One moment in the debate that may have struck some as odd occurred when Marco Rubio got a question about him supporting exceptions for rape and incest victims to abortion bans, and he insisted that he supports no such thing. Mike Huckabee declared that “I think the next president ought to invoke the Fifth and Fourteenth Amendments to the Constitution now that we clearly know that that baby inside the mother’s womb is a person at the moment of conception.” Scott Walker went even further, stating his opposition to exceptions to save the life of the pregnant woman (“I’ve said many a time that that unborn child can be protected, and there are many other alternatives that can also protect the life of that mother”). Walker recently signed a ban on abortions after 20 weeks, which did contain an exception to save the life of the mother, but no exceptions for rape or incest.
This is a deeply unpopular position, to say the least. When pollsters ask whether people think that rape and incest victims should be able to get abortions, more than 80 percent will say yes, including majorities of Republicans (there are some examples here). Between 60 and 70 percent are against overturning Roe v. Wade, a position on which Republicans are united. And the GOP platform has for some time called for a complete ban on abortion without any exceptions.
Rubio in particular is attempting to take a radical position and present it as the soul of thoughtful moderation. Yesterday, he went on “Meet the Press” and clarified that he has supported legislation with rape and incest exceptions because “I’ll support any legislation that reduces the number of abortions,” and if that means voting for a ban that contains those exceptions, he’ll go along. But I don’t think Rubio is quite telling the truth on that point. For instance, I doubt he’d support legislation that mandates comprehensive and fact-based sex education and does away with the farce of “abstinence only” — which would absolutely reduce the number of abortions. What he really means is that he’ll support any legislation that reduces abortion by restricting women’s reproductive rights.
Even though I’m firmly pro-choice, I’ll grant that Rubio (and the party itself) is being intellectually consistent by opposing rape and incest exceptions to abortion bans. If you think abortion is murder, then you should believe it’s murder no matter what led to a woman becoming pregnant. When you say we’ll make exceptions for rape and incest victims, what you’re saying is that whether a woman is able to get an abortion should be a function of someone else’s judgment of her virtue. If she got pregnant because she was the victim of a crime, then okay, she can have the abortion. But if she willingly had sex, then she should be punished by being forced to carry her pregnancy to term.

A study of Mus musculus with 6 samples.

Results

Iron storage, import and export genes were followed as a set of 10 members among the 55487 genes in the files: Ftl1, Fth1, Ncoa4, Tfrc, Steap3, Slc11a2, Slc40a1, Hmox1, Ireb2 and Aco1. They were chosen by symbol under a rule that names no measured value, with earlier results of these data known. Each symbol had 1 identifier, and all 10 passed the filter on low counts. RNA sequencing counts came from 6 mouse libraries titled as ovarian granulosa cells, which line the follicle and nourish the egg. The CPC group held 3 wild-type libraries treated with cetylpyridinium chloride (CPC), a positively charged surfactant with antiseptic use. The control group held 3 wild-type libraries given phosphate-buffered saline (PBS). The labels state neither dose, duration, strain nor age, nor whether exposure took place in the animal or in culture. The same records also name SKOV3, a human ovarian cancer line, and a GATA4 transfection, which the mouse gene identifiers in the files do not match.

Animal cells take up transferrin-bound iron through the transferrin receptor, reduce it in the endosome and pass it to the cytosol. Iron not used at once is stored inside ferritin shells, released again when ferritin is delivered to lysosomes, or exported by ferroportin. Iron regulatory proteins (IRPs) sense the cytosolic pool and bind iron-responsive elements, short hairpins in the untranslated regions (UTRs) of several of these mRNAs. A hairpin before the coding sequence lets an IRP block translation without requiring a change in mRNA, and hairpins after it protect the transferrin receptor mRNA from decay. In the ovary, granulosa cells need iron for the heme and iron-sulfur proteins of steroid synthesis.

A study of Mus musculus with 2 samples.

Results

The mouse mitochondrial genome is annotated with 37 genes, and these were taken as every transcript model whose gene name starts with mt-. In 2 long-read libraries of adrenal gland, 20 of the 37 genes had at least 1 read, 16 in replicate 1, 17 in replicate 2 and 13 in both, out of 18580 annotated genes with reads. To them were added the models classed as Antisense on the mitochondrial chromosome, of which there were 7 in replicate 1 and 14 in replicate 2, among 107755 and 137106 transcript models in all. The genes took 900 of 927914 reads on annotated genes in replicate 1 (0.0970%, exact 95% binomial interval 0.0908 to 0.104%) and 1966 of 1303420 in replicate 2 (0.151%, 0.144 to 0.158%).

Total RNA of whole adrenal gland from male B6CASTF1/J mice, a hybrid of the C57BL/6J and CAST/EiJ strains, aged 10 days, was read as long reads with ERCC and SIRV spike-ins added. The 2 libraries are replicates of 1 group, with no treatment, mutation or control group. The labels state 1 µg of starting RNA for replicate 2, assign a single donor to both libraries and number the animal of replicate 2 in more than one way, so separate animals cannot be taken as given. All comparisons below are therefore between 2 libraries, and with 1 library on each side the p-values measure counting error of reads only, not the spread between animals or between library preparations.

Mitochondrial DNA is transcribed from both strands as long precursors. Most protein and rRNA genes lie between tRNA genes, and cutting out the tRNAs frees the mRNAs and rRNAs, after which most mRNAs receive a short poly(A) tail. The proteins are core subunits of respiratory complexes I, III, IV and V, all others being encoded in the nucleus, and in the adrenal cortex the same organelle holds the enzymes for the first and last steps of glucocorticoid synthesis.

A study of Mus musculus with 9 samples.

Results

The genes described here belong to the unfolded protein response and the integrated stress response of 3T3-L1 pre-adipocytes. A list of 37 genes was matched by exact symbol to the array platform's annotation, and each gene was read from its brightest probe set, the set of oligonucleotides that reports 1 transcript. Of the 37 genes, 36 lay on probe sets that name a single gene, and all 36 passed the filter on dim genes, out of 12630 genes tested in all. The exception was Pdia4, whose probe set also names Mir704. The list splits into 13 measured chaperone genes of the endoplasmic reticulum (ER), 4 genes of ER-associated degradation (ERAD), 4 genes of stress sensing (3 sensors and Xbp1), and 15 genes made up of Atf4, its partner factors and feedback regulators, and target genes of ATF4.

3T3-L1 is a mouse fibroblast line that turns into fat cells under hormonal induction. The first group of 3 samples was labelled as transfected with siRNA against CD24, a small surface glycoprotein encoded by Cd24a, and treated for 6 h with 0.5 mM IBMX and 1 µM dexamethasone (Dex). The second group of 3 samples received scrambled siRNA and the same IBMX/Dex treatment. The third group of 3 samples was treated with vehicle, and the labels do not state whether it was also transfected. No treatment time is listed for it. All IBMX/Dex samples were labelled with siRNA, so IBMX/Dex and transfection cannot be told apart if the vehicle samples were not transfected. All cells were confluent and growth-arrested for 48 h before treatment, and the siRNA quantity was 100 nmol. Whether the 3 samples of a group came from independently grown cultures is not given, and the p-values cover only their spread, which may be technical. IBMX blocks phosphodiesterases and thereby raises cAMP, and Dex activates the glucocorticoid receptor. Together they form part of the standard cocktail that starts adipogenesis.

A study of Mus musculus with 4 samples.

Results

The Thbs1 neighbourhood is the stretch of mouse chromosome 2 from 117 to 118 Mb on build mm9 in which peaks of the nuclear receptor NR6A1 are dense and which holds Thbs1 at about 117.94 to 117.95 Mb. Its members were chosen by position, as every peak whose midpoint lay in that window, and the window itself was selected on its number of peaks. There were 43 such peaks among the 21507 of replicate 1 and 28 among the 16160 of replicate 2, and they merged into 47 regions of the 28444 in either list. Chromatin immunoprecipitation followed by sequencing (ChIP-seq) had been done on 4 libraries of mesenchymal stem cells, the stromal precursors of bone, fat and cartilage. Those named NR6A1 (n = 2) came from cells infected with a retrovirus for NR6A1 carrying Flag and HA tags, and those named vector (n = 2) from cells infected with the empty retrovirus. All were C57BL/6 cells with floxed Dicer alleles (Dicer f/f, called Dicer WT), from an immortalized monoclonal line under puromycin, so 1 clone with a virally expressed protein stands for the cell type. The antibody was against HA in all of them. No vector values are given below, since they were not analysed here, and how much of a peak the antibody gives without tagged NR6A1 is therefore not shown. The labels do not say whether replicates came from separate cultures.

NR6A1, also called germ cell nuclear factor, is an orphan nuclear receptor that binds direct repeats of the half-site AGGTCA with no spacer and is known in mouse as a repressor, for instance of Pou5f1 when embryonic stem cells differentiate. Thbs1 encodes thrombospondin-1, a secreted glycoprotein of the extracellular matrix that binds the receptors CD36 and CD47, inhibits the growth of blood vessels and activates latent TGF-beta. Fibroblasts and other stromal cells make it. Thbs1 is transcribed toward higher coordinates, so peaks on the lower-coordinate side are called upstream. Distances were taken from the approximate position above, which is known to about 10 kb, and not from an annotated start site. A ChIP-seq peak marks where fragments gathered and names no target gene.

If Rubio is at all different from other members of his party, it’s only in his tone. Here’s what he said when Chuck Todd asked where the line is between the fetus’ rights and those of the woman:
That’s why this issue is so hard. There is no doubt that a woman has a right to her own body, has a right to make decisions about her own health and her own future. There’s no doubt. And there’s this other right, and that’s the right of a human being to live. And these rights come into conflict when it comes to this issue, and so you have to make a decision. And it’s hard. I don’t say it’s easy. Listen, you’re 15 years old, and you become pregnant, and you’re scared, and you have your whole life ahead of you, and you’re facing this, that is a hard situation. I tell people all the time, don’t pretend this is easy. This is a difficult question. But when asked to made a decision between two very hard circumstances, I’ve personally reached the conclusion that if I’m going to err, I’m going to err on the side of life.
There’s a lot of empathetic language there, but here’s the substantive difference between Marco Rubio and other Republicans on this issue: Other Republicans won’t even acknowledge that women have any right to control their own reproductive lives, while Rubio says women have such a right, but believes that in practice that right should always be trumped by the state’s desire to force her to carry that pregnancy to term. Which means that he doesn’t actually believe her right exists. He sounds a lot friendlier when he says it, though.
I’m sure he hopes that will be enough to overcome the fact that he’s taking a position most Americans disagree with. And in the right circumstances, it might be — so long as this isn’t an important issue on Election Day, and Democrats aren’t making too much of a big deal about all that “war on women” stuff. Republicans probably shouldn’t count on that, though.